Biology professor and Tanzania SST leader Ryan Sensenig’s stay in Africa will extend this summer as he continues research in Kenya. In 2004 and 2005, Sensenig traveled to Kenya for the first time to conduct research on the effects of burning grasslands on large grazing animals. His results from this research were published last year in the journal Ecology.
“The goal of the project is to understand how large grazers of varying body size make use of burned areas through time,” said Sensenig. “I varied the sizes of the burns and we’ll be examining whether the spatial scale of the burns is important in how the burned area is grazed through time.”
Six years ago, Sensenig conducted 18 controlled burns in the savanna in order to study how different grazing animals of different sizes interacted with the burn sites. This summer’s follow-up research will look at the long-term effects of burned savanna on the habits of grazing animals.
Four Goshen College students will accompany Sensenig: Laura Schlabach, class of ’10; David Stoesz, a junior; Tori Yoder, a senior and Luke Zehr, a sophomore. They were selected last semester from a group of 15 applicants. They will arrive in Nairobi, Kenya in June and depart in July, working for six weeks.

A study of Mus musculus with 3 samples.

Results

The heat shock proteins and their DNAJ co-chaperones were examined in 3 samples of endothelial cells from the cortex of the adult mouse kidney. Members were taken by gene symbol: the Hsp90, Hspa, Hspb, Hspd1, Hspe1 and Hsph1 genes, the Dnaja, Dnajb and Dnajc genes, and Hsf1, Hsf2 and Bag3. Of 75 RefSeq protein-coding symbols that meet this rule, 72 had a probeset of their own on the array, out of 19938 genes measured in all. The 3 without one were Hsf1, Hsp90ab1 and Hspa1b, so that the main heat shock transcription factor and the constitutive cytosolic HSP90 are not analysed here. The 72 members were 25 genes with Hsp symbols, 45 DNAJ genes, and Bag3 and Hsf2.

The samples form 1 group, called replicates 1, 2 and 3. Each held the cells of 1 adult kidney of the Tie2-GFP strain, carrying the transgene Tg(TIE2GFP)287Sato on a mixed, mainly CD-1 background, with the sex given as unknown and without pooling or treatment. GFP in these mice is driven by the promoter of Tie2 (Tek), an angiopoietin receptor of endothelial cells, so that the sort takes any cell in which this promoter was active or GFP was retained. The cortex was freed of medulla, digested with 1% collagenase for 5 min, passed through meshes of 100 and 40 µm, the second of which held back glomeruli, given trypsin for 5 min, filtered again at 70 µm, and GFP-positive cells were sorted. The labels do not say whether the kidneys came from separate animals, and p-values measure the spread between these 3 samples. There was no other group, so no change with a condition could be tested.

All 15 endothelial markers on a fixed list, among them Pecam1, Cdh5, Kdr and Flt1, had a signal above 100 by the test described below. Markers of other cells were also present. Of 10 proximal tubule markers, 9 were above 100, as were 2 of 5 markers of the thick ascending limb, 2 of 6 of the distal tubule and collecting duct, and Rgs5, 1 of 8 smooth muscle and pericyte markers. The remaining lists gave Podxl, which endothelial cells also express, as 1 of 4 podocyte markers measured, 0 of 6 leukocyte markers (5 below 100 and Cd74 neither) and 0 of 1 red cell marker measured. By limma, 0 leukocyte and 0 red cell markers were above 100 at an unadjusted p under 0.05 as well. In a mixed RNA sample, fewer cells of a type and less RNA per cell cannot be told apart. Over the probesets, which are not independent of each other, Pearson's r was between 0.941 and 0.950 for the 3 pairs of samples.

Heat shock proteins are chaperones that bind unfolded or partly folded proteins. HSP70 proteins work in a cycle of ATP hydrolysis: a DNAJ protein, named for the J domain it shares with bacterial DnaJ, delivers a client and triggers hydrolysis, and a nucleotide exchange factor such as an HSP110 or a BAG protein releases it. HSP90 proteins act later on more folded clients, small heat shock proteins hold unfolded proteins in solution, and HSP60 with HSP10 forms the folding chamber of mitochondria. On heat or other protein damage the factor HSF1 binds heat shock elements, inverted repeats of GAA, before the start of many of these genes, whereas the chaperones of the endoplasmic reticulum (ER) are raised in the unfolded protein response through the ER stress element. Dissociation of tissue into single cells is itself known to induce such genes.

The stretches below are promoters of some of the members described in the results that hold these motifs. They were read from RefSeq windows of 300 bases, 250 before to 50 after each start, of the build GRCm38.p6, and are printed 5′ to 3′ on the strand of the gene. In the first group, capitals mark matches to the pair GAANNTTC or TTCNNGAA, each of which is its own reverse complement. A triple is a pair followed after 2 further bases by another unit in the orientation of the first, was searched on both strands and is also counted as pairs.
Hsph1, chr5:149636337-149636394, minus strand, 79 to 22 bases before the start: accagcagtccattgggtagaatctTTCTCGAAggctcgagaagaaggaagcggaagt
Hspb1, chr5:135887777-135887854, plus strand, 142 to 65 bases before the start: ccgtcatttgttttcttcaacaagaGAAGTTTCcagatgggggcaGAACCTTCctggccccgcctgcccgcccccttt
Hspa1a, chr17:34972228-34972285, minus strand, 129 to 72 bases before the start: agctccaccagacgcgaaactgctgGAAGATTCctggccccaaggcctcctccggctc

The group will stay with the Sensenig family at Mpala Research Center in Laikipia, Kenya. The Mpala Research Center is a center for researchers from across the globe to stay while they conduct research.
Sensenig is planning to keep the students busy with field work, collecting grass samples, measuring the growth of new trees and keeping track of what animals are visiting the burn sites.
Keeping track of animal visitation will be messy. “This is done by counting the quantity and species type of dung present in the area and cataloging it for later comparison,” said Stoesz. “Every day we will be hot, tired, and covered in poop.” Despite the messiness of the job, the students are excited for the opportunity.
“This is my first time to Africa and I am really excited for the opportunity. I love to travel and I take every opportunity I get,” Stoesz said. “Not only does this research project give me the opportunity to work in a field I love, but it also allows me to experience an entirely new culture and way of life.”
This trip will be Zehr and Schlabach’s second trip to Africa, and an exciting chance for more in-depth research.
“It’s a great chance to experience what grad school research could be, a more significant time scale than many of the smaller research projects I’ve done in college,” said Schlabach.
“I am very excited to visit the extremely diverse highland savanna of central Kenya,” said Zehr. “It is an amazing opportunity. For Goshen to be offering this to undergraduates is absolutely wonderful.”
The students will receive a small stipend as well as housing and food at the Mpala Research Center, not to mention an interesting experience for their resumés.